Veterans Affairs mishandled almost 70% of disability claims according to new study
- Written by Paul Bibeau
- Category: Local News
- Published: 09 September 2022
Sometime in the last several years a dying veteran filed a claim with the Department of Veterans Affairs to treat liver disease brought on by heavy drinking to cope with service in the military.
The vet had a statement from a health care provider linking the alcohol use to post-traumatic stress disorder and a failing liver.
But a claims official neglected to cite that evidence, and the VA denied the claim to treat the terminally ill patient.
The VA’s office of inspector general cited this as one example among thousands it estimates the department has mishandled.
A study released Wednesday took a survey of the VA’s caseload in 2020 and 2021 and estimated claims processors made significant mistakes in 68% of the claims veterans filed during that time.
Claims processors gather the medical evidence that tells medical examiners what to check. In almost 40% of the cases, the report said they did not submit any relevant evidence to back up veterans’ disability claims.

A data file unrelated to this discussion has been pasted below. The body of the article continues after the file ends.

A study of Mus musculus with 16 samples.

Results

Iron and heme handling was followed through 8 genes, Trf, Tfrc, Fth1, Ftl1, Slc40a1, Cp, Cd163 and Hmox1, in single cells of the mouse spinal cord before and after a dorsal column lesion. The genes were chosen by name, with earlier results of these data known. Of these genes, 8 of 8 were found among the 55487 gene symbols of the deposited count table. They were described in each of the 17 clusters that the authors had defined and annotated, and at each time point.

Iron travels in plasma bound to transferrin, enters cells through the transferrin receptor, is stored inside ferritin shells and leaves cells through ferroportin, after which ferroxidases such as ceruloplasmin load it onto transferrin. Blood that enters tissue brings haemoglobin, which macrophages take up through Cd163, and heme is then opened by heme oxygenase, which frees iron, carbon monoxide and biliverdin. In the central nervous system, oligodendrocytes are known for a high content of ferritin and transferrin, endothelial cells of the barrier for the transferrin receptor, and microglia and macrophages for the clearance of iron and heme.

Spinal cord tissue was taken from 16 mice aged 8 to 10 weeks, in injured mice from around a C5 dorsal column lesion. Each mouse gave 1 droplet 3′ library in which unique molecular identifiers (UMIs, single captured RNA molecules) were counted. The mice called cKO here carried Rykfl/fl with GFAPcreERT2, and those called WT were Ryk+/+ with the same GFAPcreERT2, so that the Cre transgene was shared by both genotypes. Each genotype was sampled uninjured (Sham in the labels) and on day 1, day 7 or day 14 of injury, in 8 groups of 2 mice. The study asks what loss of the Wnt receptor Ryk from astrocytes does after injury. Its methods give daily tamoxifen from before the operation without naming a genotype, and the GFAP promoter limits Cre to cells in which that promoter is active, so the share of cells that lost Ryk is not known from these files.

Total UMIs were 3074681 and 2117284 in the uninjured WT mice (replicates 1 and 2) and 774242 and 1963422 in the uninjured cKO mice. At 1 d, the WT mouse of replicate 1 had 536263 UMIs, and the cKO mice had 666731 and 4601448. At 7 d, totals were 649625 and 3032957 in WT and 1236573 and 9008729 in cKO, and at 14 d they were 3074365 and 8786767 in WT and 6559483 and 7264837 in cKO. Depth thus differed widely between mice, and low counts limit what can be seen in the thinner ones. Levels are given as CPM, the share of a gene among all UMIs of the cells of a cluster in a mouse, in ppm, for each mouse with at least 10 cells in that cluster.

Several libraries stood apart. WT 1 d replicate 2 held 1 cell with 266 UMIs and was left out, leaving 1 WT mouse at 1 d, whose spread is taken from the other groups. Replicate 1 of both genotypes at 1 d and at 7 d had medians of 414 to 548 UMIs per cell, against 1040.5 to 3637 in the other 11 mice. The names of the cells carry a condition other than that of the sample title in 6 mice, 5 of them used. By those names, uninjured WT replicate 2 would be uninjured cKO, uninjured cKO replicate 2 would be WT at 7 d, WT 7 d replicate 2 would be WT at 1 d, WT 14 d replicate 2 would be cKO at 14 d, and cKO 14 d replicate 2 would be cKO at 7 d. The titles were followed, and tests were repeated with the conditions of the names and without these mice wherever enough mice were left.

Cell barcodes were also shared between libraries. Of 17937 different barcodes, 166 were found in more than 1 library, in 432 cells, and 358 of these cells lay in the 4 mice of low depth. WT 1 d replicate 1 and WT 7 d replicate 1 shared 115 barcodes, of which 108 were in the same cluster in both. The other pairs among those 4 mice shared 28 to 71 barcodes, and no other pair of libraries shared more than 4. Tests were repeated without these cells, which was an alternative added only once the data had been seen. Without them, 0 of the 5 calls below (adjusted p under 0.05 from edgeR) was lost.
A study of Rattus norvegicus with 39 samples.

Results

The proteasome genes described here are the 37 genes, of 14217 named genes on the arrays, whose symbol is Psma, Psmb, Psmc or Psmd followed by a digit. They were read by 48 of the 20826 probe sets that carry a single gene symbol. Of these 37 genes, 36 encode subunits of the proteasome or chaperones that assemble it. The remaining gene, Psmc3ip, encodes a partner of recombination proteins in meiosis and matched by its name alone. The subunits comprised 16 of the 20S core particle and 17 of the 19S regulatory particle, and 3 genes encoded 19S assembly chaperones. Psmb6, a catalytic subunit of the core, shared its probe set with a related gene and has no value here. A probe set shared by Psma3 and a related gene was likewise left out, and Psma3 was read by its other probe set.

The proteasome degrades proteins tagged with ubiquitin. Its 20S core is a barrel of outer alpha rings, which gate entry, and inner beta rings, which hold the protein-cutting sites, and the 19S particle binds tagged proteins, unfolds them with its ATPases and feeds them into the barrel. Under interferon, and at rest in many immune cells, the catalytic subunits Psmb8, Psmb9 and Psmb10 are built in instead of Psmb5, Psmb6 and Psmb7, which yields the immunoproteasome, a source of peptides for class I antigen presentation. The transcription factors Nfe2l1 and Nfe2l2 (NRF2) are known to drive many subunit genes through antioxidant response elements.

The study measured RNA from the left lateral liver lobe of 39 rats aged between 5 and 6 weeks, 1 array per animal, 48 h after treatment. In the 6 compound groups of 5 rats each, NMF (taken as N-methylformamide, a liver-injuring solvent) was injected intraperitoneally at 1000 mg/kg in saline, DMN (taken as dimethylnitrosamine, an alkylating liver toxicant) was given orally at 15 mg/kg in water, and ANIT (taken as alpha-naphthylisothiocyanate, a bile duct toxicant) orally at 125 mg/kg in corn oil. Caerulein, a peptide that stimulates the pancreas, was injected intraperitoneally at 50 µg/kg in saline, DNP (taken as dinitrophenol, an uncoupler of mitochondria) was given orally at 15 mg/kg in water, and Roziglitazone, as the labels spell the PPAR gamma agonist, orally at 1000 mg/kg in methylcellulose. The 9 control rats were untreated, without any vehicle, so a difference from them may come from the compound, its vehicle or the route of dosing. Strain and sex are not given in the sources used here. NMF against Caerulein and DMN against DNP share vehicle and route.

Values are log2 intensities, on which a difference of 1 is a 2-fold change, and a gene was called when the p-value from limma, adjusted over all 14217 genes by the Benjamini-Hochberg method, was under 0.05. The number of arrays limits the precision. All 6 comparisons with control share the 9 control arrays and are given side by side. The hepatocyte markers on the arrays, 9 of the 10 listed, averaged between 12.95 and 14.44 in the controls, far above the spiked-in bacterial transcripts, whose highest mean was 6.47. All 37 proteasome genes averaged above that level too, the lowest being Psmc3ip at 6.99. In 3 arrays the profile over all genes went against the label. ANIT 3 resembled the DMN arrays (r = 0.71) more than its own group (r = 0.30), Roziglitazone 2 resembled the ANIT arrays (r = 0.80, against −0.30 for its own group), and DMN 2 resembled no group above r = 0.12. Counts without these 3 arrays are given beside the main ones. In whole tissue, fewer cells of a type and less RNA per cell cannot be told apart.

In other cases, the processors did not use correct terms, or included only part of the evidence.
During an interview with researchers for the report, a VA examiner said the processors use vague, confusing language and that some requests “seem to be copied and pasted without being reviewed.”
The report blames the failures on inadequate equipment, training and oversight and says these failures could waste money, delay claims and prevent accurate medical opinions.
The VA team noted that processors have an electronic filing system that allows them to submit claims without evidence. It recommends changing the system so those claims wouldn’t be able to go forward.
The report also cites faulty training, saying that 88% of processors who made mistakes had all the training required, but that the training didn’t explain key pieces of information, like what evidence a medical examiner would need to make a decision.
One claims processor told investigators: “No one has ever trained us what the medical opinion should actually say.”
Another VA worker said claims processors do not really understand how to file the claims.
The VA then doesn’t adequately check its own work to spot errors, the report concluded.
Joshua Jacobs, the VA’s senior advisor for policy, agreed with the report and responded with a memo promising to add training and improve oversight and the computer filing system in the next several months.
The VA faces an additional challenge the study did not capture. The study ended in September – weeks before the VA announced that it expected a surge in claims to increase its backlog of work.
By December the backlog jumped 27% nationwide and 21% in Virginia.
In response, the VA said it was hiring 2,000 new workers to process claims.